Glimpses of Victorian Bombay
Glimpses of Victorian BombayLearn more about the Victorian history of Mumbai as you explore the sites beginning with Gateway of India, the city’s most famous landmark – an Indo-Saracenic archway built in 1911 to commemorate the visit of King George V and Queen Mary. You will make a stop here for photographs.
Visit the Church of St. John the Evangelist better known as the Afghan Church. Built by the British in 1847, it was consecrated 11 years later by Bishop Harding in memory of those who fell “by sickness and sword” in the Sind campaign of 1838 and the First Afghan War of 1843. The recently renovated church has an impressive and quintessential English architecture with wide Gothic arches and beautiful stained-glass windows designed by the then city-engineer Henry Conbeare and architect William Butterfield. The tiles used for geometric floor pattern were imported from England along with the eight large bells in the bell tower which came from the Taylor bellfoundry of England in 1904.
Drive along Marine Drive, Mumbai’s seaside promenade, an eight-lane highway with a wide pavement, a graceful curve sweeping the skyscrapers at Nariman Point to the foot of Malabar Hill, Mumbai’s ritziest neighborhood. Popular since the 18th century because of its forested slopes, fresh sea breezes and panoramic views, merchants and colonial governors built many mansions and bungalows on its hillsides. Today high-rise luxury apartment blocks have taken over – home to politicians, film stars and gangsters.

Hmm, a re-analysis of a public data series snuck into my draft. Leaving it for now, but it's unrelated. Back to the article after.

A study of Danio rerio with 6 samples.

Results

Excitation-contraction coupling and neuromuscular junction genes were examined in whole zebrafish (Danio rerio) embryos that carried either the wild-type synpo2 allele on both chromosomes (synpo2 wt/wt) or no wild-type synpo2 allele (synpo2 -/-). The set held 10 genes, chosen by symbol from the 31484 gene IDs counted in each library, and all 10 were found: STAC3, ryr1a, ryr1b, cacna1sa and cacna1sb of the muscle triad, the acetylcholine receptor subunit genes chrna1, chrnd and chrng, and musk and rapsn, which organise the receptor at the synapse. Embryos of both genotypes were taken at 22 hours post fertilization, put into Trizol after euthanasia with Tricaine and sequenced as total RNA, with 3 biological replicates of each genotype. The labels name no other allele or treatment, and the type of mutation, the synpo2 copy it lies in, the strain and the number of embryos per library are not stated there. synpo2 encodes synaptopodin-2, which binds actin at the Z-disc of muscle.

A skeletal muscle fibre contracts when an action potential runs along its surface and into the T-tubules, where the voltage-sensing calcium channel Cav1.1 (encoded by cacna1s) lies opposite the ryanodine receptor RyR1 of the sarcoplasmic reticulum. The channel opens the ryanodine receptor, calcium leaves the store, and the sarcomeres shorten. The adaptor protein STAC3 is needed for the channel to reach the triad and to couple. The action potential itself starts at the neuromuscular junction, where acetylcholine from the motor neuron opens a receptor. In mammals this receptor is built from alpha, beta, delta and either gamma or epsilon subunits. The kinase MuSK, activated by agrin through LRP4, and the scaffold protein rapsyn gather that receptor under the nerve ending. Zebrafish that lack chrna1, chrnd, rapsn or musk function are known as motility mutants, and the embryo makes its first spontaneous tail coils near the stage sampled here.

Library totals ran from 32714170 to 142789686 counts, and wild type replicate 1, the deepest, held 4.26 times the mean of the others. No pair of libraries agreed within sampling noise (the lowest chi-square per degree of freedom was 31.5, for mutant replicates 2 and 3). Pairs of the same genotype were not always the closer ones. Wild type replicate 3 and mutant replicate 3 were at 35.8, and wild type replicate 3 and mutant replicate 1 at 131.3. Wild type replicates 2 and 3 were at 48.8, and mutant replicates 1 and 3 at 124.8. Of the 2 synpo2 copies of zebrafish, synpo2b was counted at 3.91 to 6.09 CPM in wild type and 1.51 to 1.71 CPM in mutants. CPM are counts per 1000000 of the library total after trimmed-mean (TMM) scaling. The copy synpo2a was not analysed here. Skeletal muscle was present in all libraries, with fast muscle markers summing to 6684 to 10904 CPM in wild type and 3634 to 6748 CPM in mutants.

Visit Victoria and Albert Museum – the oldest museum in Mumbai. Started by Dr. Buist as the Central Museum of Natural History, Economy, Geology, Industry and Arts, it had Lord Elphinstone, the Governor of Bombay Presidency, amongst its early patrons and Sir George Birdwood, as one of the first curators. In 1862 it was christened as the Victoria and Albert Museum in honor of the Queen Empress of India, and the Prince consort. Adjoining the Victoria Gardens, this museum built in the Greco-Roman style houses archaeological finds, maps and photographs depicting the history of Mumbai. The collection includes clay models equivalent of firka paintings made for the British in the ‘Company’ period—‘illustrating’ Indian types, and costumes, and trades and professions; finely wrought silver and copper ware; votive bronzes to fossils and minerals, delicate ivories to models of temples made from pith.
Your last stop will be, Crawford market, named after Bombay’s first municipal commissioner, Arthur Crawford. Poised between what was once the British Fort and the local town, Crawford Market has elements of both. A blend of Flemish and Norman architecture, it has a bas relief above its main entrance depicting Indian peasants in wheat fields. Being Mumbai’s main wholesale market for fruits until March 1996, one can see mountains of fresh fruits and vegetables amongst other things in this market.